Despite fears stoked by Trump, fewer migrants are arriving at the border than in past years but most are now children headed to facilities that are ill-equipped to receive them
At a border patrol processing facility in McAllen, Texas on 11 June, a group of lawyers and doctors met a 17-year-old girl from Guatemala. She was in a wheelchair and she held her tiny one-month-old daughter, who was swaddled in a gray sweatshirt so dirty it was almost black.
The mother said she had an emergency C-section in Mexico at eight months pregnant. She was in so much pain she couldnt stand, she said, yet US Customs and Border Patrol (CBP), the agency in charge of screening and processing migrants, had told her it couldnt release her unless she could walk.
I took a Kleenex with water and I washed dirt, black dirt, off her neck, said Hope Frye, an immigration attorney, of the infant she now calls Baby K. When Frye and the rest of the group saw the mother the next day, Baby K was shaking violently and cold to the touch. The sweatshirt had been replaced with a thin, threadbare towel.
On 13 June CBP released Baby K and her mother for immediate medical attention, after Frye and her team, worried the premature baby might die, publicized their condition.
The facility in McAllen was not designed to hold Baby K and her mother. But over the past month, reports have emerged that hundreds of children are being detained in such processing centers for weeks, in squalid conditions one eyewitness called affirmatively cruel.
The US immigration system is failing to accommodate children and families seeking legal asylum. Experts say it is a manufactured crisis, designed to create a backlog, drive political support for the presidents hardline policies and, in theory, deter migrants from crossing the border.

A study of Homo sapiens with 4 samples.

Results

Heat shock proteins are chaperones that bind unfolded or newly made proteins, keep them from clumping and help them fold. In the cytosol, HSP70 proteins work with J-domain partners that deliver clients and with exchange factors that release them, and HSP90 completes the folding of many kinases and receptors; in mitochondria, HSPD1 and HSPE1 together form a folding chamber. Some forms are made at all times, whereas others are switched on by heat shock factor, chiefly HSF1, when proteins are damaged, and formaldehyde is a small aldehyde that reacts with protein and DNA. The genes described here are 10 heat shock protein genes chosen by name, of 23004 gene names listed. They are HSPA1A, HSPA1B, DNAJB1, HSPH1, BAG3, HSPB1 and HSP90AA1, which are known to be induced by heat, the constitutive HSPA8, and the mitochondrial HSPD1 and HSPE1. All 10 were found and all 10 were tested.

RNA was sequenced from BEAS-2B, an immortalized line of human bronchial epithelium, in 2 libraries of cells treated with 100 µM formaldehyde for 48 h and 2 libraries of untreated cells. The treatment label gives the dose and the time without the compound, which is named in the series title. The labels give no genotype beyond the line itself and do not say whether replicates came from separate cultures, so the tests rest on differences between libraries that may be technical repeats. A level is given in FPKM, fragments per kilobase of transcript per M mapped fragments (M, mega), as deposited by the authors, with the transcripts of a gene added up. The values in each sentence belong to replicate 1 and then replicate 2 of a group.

As a policy, it is not working. The number of children and families arriving at the border seeking asylum a process the US is required to observe under international law has increased as conditions in Central America have become more desperate. In the early 2000s, the majority of those apprehended at the border were single male workers, predominantly from Mexico. Most are now children and families seeking asylum. According to CBP data, about 72% of those apprehended at the border in May were families or children. In 2012, only 10% were families or children.
The vast majority of these migrants are from El Salvador, Guatemala and Honduras countries where political turmoil, economic instability and violence have been exacerbated by the climate crisis and past US intervention.
But despite fears stoked by the Trump administration, the number of migrants arriving at the border is lower than in previous years, hovering between 400,000 and 600,000 annually, less than half the 1.6m who were apprehended in 2000.